Putin Wants to Curb Russia’s Exploding Mortgage Rates

As mortgage rates in Russia continue to surge, after the volume of housing loans has been doubling every two years for a decade, the government is keen to get people into their own homes and just launched a raft of new initiatives to make mortgages cheaper and more attractive than ever, Intellinews reports.

Russia’s total mortgage debt in the last quarter of 2018 reached 6.4 trillion rubles ($97.4 billion). The debt has been growing steadily yet the share of mortgage debt as a percentage of GDP in Russia remains well below the levels in Western Europe.

In order to encourage people to borrow, the government has subsidized mortgage rates over 12% over the past few years. However, the solid management of the Central Bank of Russia (CBR) has seen both the cost of borrowing and inflation come down so that mortgages fell below 10% for the first time ever in 2018. President Vladimir Putin said in February he wants to see interest rates under 8% soon.

However, impending new U.S. sanctions and Russia’s dependency on oil prices will make this task more difficult, Intellinews writes. After cutting its basic rate continuously since the ruble’s crash at the end of 2014, the Bank of Russia ended its easing cycle and hiked rates twice at the end of last year in anticipation of more ruble volatility this year and as inflation started to creep up. The blended mortgage rate hit a record low of 9.4% in October 2018, but then ticked up to 10% in January 2019. Economists think that as inflation is supposed to ease in the second half of this year the CBR could go back to cutting rates again.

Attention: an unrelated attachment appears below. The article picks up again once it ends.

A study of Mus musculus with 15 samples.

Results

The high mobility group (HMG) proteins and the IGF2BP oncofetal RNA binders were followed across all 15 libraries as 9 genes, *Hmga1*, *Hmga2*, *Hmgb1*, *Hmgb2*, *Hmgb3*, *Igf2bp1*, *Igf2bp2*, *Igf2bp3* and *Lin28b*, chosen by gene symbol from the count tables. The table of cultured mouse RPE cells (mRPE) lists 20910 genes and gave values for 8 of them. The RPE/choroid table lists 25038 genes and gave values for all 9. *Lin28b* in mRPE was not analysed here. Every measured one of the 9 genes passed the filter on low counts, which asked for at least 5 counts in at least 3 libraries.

In the meantime the Kremlin has been dreaming up ways to make it easier to buy an apartment as part of Putin’s extensive package of social gifts he announced during his state of the nation speech in February that was designed to nip in the bud the growing social disgruntlement of the Russian citizens.

German Gref, the CEO of Russia’s dominant retail bank Sberbank, says that 8% mortgages may appear as soon as next year.

“Next year, I’m sure we will see 8% [mortgages],” Gref said during a conference call with investors on February 28. According to him, mortgage rates will fall by the end of this year, but whether it will be to 8% or 9% will ultimately depend on what happens to inflation.